Excerpts from Jim Conrad's
from the November 6, 2006 Newsletter issued from Diego Nuñez's office above Restaurante "Isla Contoy," Río Lagartos, Yucatán, MÉXICO
PA'AK & JO'OLON
The other day when I was at Ek Balam I was presented with the item shown at the right.
I've seen many instances of caterpillars, just before they metamorphose into resting pupae, constructing protective cocoons for themselves from leaves and leaflets, which they bound together with silk. Clearly I'd had such a thing deposited into my hand. This cocoon, however, was especially neatly done, at the top sealed with a flat leaflet like a tin can with a lid.
I asked Teri, one of the Maya workers at Genesis Retreat in Ek Balam, what she knew about it. She told me that in Maya the name for the green leaflet casing was Pa'ak, and the name for the creature inside the cocoon was Jo'olon. I referred to the creature inside as a worm, or "gusano," but she insisted that it was like a bee, "una abeja." Amazingly, the name Pa'ak appeared to be a special word just for the leaf cocoon of this particular insect pupa, and no other.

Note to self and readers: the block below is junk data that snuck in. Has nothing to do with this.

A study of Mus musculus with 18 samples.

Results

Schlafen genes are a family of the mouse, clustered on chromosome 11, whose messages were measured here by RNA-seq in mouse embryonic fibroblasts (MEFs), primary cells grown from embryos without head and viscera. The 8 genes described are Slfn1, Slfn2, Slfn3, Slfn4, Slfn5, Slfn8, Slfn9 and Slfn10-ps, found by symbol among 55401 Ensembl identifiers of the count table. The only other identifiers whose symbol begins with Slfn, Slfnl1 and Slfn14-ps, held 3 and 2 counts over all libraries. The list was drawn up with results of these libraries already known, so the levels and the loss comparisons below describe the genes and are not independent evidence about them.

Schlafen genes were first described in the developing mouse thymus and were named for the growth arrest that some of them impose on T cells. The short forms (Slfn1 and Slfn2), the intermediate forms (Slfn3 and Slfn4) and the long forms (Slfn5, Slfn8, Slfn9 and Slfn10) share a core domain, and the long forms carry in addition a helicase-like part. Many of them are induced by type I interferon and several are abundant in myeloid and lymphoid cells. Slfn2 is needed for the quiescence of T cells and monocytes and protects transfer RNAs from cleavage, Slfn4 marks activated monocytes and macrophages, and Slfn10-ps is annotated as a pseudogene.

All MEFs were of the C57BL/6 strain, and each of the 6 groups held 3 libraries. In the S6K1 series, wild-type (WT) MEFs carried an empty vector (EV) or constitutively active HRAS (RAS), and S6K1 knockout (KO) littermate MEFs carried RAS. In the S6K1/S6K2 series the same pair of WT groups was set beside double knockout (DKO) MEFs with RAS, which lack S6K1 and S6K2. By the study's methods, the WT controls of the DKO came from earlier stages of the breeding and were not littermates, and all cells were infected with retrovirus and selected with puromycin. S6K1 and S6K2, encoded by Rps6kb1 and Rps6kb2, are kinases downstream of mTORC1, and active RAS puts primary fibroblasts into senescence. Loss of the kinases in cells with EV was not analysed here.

Teri also told me that the bee-like thing inside was medicinal -- that it was fed to children to cure fear.
I tried to determine what kind of fear eating the creature cured but she said it's just fear, "susto." Once when I was among Nahuatl-speaking people in the central Mexican highlands a little girl developed what they called "susto," normally translated as "fear." A healer, or "curandera," was summoned. She first shook fragrant herbs, mostly mints, all around the little girl until the whole area became intensely fragrant, and then she went through quite a routine in order to get the little girl's shadow released from beneath the tree that had fallen on it. I asked what kind of shadow it was but could only ascertain that it wasn't a sun-shadow, but rather a spirit shadow we all have, and if that shadow gets stuck someplace we're in trouble. This shadow business apparently has nothing to do with our Jo'olon, but it does make me careful about accepting blindly that the fear Teri is speaking of is the fear we northerners conceive of.
These Maya folks are wonderful, friendly, soft-spoken and hard working, but I don't make the mistake in thinking that I understand the mental world they live in, not in the least.